Last week two internationally-recognized brands - the Gap and the Washington Post - tried out two internationally-recognized advertising vehicles: Facebook and Twitter, respectively. They were the first users of new ad formats these two companies were introducing.
In the case of Gap, it was among the first retailers to try out Facebook’s mobile local deals. It gave away jeans to the first 10,000 customers that visited one of its U.S. retail stores, checking in using Facebook's mobile application.
For its part, @WashingtonPost was the first news organization to sponsor a Promoted Trend on election day. Users were able to click on #Election among the list of Trends to see a Tweet written by the Post.
So how did they do? Some caveats first: it is the rare campaign in which the advertiser will admit it made a mistake trying out new technology. Early adopters of Twitter’s Promoted Tweets all deemed the program a success, for instance, but such claims must be taken with a grain of salt, eConsultancy wrote at the time.
"It's worth considering that no marketer taking a leap of faith on a new advertising platform is going to come out two months later slamming it. After all, few marketers want to look dumb and most media buyers, like most of us, prefer to remain employed. Given this, I think it's wise to take anything marketers say about a new advertising platform they're using with a grain of salt."
With that in mind, it does appear that the initial campaigns by Washington Post and Gap went according to plan. According to the Post's executive producer and head of digital news products Katharine Zaleski, the campaign was a success, even though it didn't drive huge amounts of traffic to the paper's site. (via the Atlantic).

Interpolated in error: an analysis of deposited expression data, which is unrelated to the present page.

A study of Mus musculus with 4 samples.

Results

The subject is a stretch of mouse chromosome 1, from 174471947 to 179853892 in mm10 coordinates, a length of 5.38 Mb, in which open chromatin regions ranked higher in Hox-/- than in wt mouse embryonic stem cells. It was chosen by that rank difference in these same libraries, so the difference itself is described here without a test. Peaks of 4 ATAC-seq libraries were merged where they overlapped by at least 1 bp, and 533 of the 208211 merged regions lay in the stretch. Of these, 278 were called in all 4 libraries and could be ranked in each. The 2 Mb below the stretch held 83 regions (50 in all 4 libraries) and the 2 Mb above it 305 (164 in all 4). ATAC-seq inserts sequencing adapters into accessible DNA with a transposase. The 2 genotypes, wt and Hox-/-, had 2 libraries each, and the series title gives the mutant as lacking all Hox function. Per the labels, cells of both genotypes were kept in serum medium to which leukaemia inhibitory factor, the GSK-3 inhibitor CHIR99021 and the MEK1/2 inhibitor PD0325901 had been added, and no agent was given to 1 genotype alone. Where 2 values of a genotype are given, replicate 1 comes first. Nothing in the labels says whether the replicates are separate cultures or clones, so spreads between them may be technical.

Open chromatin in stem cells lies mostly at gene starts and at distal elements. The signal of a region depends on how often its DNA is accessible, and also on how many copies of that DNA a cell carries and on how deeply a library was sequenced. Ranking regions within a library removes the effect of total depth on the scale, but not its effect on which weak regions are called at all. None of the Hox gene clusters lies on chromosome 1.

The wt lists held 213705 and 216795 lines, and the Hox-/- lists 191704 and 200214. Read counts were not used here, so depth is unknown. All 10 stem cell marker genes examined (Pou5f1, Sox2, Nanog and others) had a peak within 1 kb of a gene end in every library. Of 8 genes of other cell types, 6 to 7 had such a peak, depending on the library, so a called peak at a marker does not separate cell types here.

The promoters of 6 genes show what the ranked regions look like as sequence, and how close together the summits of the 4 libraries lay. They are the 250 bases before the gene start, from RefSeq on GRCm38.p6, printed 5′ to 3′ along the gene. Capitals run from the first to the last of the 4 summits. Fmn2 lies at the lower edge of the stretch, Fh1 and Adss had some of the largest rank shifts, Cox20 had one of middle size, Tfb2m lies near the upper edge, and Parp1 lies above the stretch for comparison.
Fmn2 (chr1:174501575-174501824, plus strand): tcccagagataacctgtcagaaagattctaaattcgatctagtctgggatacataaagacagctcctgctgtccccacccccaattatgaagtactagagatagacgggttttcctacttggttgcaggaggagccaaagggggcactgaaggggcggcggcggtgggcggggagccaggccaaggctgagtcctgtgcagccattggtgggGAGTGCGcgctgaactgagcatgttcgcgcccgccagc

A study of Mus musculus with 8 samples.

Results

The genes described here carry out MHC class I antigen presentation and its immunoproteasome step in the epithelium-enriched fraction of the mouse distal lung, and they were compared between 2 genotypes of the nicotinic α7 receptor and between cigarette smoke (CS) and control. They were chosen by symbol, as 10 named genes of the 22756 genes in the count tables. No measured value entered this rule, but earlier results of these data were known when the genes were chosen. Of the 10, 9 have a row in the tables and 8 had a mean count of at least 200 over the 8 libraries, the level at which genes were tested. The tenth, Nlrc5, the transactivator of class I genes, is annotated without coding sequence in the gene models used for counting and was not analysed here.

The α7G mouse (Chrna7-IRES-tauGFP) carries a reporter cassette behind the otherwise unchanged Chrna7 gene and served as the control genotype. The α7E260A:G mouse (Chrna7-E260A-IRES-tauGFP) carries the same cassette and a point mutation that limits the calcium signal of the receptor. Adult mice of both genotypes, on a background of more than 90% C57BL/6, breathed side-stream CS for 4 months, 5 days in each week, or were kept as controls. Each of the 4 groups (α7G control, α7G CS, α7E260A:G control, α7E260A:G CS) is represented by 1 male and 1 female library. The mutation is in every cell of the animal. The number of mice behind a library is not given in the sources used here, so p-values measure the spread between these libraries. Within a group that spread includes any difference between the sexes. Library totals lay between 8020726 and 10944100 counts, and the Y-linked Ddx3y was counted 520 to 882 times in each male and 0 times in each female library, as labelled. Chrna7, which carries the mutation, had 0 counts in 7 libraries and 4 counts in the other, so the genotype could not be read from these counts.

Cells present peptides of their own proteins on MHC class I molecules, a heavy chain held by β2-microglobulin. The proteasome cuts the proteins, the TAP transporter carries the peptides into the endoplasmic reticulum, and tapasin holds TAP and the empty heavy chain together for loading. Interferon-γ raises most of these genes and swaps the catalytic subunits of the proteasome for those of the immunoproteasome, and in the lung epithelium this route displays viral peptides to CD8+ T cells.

That is because it is defining success differently - it didn’t necessarily expect to drive traffic. Rather, Zaleski said, it wanted to be front and center in the conversation. Of all the people who clicked on the Election link from the Twitter.com homepage, 9% of them engaged with the Washington Post, according to Twitter's head of media partnerships Chloe Sladden, who added that the 9% engagement was on the "high-average" for other types of promoted trends.
Gap’s use of Facebook Deals was also deemed a success by the company, although as one poster on Gap’s Facebook page noted, how hard is it to give away Gap jeans? Fast Company reported that Gap stores in high-traffic New York City areas, such as Soho, the Financial District, Midtown, ran out of give-away jeans within hours. Even more impressive was the lack of advertising for the promotion, Fast Company said.
The big question is whether the customers who miss the deal will still continue to shop at Gap, perhaps taking advantage of the 40%-off deal for late-arrivals, it concluded. Also, will customers return or step up their visits to the Gap because of the promotion? This is indeed a problem that advertisers on other platforms - such as Groupon - have had. That will likely be the more telling test.